Measles Figures Soar
There have been 1,049 cases of confirmed measles in England and Wales up to the end of October 2008 surpassing last year's total of 990 cases.
Dr Mary Ramsay, an immunisation expert at the HPA, said: "Over the last few years we have seen an unprecedented increase in measles cases and we are still receiving reports of cases across the country.
"1,049 is the highest number of measles cases recorded in England and Wales since the current method of monitoring the disease was introduced in 1995. "This rise is due to relatively low MMR vaccine uptake over the past decade and there are now a large number of children who are not fully vaccinated with MMR. This means that measles is spreading easily among unvaccinated children."
"There is now a real risk of a large measles epidemic. These children are susceptible to not only measles but to mumps and rubella as well."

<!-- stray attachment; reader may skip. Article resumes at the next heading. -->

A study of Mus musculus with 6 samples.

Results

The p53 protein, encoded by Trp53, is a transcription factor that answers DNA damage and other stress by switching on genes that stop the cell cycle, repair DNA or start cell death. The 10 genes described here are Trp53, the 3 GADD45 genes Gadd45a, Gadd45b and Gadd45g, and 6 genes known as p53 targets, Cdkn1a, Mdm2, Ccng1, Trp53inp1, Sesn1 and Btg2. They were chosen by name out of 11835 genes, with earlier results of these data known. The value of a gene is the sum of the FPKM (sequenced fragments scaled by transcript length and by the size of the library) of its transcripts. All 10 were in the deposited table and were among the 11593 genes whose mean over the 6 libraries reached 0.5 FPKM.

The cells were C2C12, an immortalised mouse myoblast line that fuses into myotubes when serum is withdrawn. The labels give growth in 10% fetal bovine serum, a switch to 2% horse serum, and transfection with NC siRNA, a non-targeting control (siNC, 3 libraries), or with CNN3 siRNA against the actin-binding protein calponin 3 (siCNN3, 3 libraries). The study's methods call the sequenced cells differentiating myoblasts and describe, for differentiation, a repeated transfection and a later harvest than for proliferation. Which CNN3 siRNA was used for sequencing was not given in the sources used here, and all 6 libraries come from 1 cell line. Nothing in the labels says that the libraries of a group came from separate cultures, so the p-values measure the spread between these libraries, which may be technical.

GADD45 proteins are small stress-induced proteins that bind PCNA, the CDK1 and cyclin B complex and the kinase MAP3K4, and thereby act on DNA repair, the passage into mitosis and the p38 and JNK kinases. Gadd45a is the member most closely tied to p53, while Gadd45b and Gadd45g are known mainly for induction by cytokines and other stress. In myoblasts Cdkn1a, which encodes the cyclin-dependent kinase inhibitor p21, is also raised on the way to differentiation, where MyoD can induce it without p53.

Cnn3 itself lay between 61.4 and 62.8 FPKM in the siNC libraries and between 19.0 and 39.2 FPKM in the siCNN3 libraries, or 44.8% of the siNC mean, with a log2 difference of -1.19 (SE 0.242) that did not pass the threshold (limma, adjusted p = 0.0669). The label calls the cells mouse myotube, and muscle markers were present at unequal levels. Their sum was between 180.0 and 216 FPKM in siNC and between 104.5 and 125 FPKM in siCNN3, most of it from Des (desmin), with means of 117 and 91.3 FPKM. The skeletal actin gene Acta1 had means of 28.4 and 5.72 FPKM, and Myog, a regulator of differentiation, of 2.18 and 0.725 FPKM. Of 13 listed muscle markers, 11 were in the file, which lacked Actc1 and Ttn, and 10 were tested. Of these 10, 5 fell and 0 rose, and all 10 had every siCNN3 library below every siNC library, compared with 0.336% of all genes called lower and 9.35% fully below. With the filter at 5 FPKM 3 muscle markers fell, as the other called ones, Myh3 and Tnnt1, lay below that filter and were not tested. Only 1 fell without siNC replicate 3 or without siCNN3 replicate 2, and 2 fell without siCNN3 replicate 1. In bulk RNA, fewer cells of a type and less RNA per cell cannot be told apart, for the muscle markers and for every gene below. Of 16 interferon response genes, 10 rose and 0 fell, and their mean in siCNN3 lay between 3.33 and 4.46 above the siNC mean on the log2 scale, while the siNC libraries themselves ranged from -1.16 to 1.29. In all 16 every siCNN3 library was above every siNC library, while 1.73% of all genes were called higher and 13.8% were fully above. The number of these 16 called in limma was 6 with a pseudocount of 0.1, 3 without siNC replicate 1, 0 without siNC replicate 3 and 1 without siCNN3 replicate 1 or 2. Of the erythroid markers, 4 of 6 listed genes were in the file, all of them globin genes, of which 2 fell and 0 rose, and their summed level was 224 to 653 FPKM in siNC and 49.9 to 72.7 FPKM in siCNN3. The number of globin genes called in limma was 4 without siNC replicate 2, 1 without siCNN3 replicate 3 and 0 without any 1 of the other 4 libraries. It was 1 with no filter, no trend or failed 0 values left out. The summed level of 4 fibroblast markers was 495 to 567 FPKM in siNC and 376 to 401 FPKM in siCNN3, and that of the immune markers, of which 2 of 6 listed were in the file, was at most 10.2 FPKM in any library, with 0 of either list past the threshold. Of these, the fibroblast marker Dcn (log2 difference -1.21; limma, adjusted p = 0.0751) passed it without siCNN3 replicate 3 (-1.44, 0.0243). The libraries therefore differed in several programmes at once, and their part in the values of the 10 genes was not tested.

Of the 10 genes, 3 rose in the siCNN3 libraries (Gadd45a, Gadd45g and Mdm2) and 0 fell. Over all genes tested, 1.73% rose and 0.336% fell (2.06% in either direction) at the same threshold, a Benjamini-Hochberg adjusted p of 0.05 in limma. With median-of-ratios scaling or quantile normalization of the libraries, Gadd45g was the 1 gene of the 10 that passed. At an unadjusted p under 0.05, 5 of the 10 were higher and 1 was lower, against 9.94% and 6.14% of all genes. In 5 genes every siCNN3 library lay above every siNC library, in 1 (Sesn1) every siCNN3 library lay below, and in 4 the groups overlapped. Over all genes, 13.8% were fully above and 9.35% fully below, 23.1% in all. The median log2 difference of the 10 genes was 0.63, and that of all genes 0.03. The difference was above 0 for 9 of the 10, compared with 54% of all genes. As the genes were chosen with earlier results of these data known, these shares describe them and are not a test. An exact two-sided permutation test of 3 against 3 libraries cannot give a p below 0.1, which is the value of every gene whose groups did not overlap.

In August, the Chief Medical Officer announced a MMR catch up programme, which urged Primary Care Trusts and GPs to identify individuals not up to date with their MMR and offer catch-up immunisation to reduce the risk of a measles epidemic.
The initiative was based on recent modelling research carried out by the Agency, examining the potential for measles transmission in England, suggested that there is now a real risk of a large measles outbreak of between approximately 30,000 to 100,000 cases - the majority in London.
Dr Mary Ramsay went on to say, "We are glad to see that public confidence in the MMR vaccine is now high with more than 8 out of 10 children receiving one dose of MMR by their second birthday.
"But we shouldn't forget that the children who weren't vaccinated many years ago are at real risk. Measles is a very serious infection as it can lead to pneumonia and encephalitis, even in healthy children. It is highly infectious it can be passed on without direct contact before the rash appears. This is why it's incredibly important to continue to remind parents about the benefits of having their child vaccinated with two doses of MMR for optimum protection. It is never too late to get vaccinated."